Scranton Students Study and Conduct Research Abroad During Summer

Sep 16, 2014
The summer of 2014 found University of Scranton students traveling to Europe and Central America for a variety of study abroad courses and internships. Students learned about such topics as Roman architecture, Irish culture and nocturnal bees.

Communication professor Matthew Reavy, Ph.D., led nine students on a trip to Ireland for the course “Intercultural Communication: Ireland.” The class explored the influence of factors like history, geography, politics, language, mass media, economics and international relations upon communication in Irish culture. Students also examined differences between Irish and American cultures.

Michael Umerich, a senior biology major from Clarks Summit, said the trip taught him a lot about how other cultures differ from American culture. The group visited Dublin, Cootehill, Galway, Cork and Malahide and had the opportunity to see castles and churches built hundreds of years ago.

“It really helped me understand (Ireland’s) history as a country and how different it is from our own,” Umerich said. “I gained a lot of respect for the culture of Ireland and the hardship the Irish had to go through to earn their freedom.”

“There is a lot to see in this world, and traveling and getting to know the people there helps to understand their way of life,” Umerich said.

Alex Wasalinko, a sophomore English major from Scranton, was among the students who embarked on a three-week trip to Italy for a “Mathematics in the Visual Arts” course led by mathematics professor Anthony Ferzola, Ph.D. They were joined by  students from an art history course taught by art history professor Josephine Dunn, Ph.D.

The math class consisted of visits to several structures, such as the Colosseum, St. Peter’s Basilica and Vatican City, for on-site lectures. The group would identify the methods and practices used in the construction.

Dr. Ferzola had met with the students before the trip to do preliminary studies of the classical structures they would be visiting. They learned how to recreate them with a compass and ruler – similar to the manner in which they were designed by the architects centuries ago.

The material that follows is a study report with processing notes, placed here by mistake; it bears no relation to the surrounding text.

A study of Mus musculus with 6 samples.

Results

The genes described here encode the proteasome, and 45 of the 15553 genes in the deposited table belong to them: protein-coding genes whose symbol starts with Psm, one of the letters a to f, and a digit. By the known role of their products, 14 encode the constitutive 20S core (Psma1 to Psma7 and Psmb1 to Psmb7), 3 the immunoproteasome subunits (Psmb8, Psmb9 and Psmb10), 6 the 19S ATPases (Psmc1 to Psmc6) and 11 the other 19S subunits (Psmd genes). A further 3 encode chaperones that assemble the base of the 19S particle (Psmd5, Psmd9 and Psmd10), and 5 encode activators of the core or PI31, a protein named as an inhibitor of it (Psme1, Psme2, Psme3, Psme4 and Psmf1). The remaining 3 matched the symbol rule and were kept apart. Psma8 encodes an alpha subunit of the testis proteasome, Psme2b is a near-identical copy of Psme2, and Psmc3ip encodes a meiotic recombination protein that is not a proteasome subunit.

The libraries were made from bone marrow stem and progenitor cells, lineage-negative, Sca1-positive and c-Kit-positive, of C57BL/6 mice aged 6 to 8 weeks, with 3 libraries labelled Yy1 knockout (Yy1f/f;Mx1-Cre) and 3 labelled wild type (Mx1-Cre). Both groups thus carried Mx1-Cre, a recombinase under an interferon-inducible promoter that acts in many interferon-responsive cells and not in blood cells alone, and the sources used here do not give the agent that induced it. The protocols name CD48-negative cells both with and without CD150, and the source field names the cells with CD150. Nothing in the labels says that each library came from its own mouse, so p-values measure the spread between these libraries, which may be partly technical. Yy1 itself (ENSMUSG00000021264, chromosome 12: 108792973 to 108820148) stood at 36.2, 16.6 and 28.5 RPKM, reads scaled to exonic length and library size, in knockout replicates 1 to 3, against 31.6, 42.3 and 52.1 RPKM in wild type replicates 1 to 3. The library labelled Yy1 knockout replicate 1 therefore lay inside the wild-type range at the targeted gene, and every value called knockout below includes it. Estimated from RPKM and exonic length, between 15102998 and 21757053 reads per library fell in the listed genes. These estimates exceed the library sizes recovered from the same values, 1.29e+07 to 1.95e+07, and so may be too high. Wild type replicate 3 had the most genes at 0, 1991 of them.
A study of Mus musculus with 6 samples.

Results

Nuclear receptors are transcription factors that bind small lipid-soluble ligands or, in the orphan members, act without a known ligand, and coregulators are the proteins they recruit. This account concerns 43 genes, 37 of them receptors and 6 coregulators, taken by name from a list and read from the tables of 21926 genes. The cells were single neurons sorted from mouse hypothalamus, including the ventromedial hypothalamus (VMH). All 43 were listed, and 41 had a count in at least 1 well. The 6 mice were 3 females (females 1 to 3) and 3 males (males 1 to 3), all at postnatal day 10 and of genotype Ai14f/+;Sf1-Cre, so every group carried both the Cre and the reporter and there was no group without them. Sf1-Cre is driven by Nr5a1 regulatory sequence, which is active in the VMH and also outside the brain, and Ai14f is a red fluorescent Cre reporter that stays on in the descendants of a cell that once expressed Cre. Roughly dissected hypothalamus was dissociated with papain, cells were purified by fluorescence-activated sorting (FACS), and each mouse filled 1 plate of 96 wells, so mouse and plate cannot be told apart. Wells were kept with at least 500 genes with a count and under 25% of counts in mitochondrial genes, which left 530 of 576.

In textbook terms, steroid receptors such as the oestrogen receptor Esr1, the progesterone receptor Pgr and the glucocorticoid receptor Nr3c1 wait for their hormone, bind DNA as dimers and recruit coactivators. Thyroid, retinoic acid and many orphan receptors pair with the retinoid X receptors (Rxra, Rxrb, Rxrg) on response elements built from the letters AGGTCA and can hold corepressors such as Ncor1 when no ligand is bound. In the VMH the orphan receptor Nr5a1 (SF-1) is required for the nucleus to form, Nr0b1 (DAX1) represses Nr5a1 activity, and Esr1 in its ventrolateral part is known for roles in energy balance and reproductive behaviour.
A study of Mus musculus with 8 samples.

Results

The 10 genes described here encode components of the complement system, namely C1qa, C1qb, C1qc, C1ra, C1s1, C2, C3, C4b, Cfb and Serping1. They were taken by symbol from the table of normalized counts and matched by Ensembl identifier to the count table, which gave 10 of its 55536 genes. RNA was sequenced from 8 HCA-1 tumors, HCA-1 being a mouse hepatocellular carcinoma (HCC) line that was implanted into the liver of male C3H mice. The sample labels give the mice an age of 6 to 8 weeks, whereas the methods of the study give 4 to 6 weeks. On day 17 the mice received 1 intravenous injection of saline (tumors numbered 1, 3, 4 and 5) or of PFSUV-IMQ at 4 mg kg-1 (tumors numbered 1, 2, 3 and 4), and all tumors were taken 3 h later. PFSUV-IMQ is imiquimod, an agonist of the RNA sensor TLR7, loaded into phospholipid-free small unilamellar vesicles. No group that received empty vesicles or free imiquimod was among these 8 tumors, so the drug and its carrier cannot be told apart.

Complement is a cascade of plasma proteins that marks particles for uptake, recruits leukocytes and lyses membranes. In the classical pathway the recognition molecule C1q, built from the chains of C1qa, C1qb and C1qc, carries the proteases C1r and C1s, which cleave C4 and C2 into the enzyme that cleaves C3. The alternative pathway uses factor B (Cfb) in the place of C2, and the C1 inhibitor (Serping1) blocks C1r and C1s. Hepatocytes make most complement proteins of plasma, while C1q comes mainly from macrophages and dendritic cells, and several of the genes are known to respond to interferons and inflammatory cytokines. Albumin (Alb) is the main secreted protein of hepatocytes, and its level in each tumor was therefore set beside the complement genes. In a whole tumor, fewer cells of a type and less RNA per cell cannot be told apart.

Wasalinko’s favorite experience of the trip was climbing some 200 steps to the top of the dome of St. Peter’s Basilica. “We found ourselves inside St. Peter’s, hundreds of feet from the ground inside the dome. There, we saw how truly massive the church’s mosaics are. The lettering around the drum of the dome alone is six feet tall,” she said. “After climbing another 250 steps through the two shells of the dome, we reached the lantern, which stands as the highest point in Rome. The city spread itself out before me, and the view will forever be crystal clear in my memory.”

James Moran, a senior psychology major from Toms River, New Jersey; Mike Kovalchik, a senior biology major from Jefferson Township; Erika Sarno, a junior biochemistry, cell and molecular biology major from Waverly; and Ashley Villa, a junior biochemistry, cell and molecular biology major from Matawan, New Jersey, joined college students and recent college graduates from across the country as research interns at the Smithsonian Tropical Research Institute (STRI) in Panama this summer. Internships for this prestigious program are awarded to students based on merit and matching the research interest of the students with ongoing research projects at the institute. The University works with STRI on a joint internship project supported by biology professors Marc Seid, Ph.D., and Gary Kwiecinski, Ph.D.

Sarno worked on Barro Colorado Island in the Panama Canal, studying a nocturnal species of bee called Megalopta genalis. 

“We collected data on brain size, ovary size, nest characteristics, foraging times and offspring provisioning to investigate other unique behavioral traits. Most of our work took place in the field, collecting Megalopta nests, keeping track of observation nests and filming foraging bees. We also did lab work which included nest dissections and bee brain dissections,” Sarno said. “Working and sharing the island with enthusiastic STRI researchers encouraged so much scientific discussion and provided a great opportunity to learn and share ideas. In addition, I was able to build connections and friendships with researchers from all over the world, which I hope to continue throughout my scientific career.”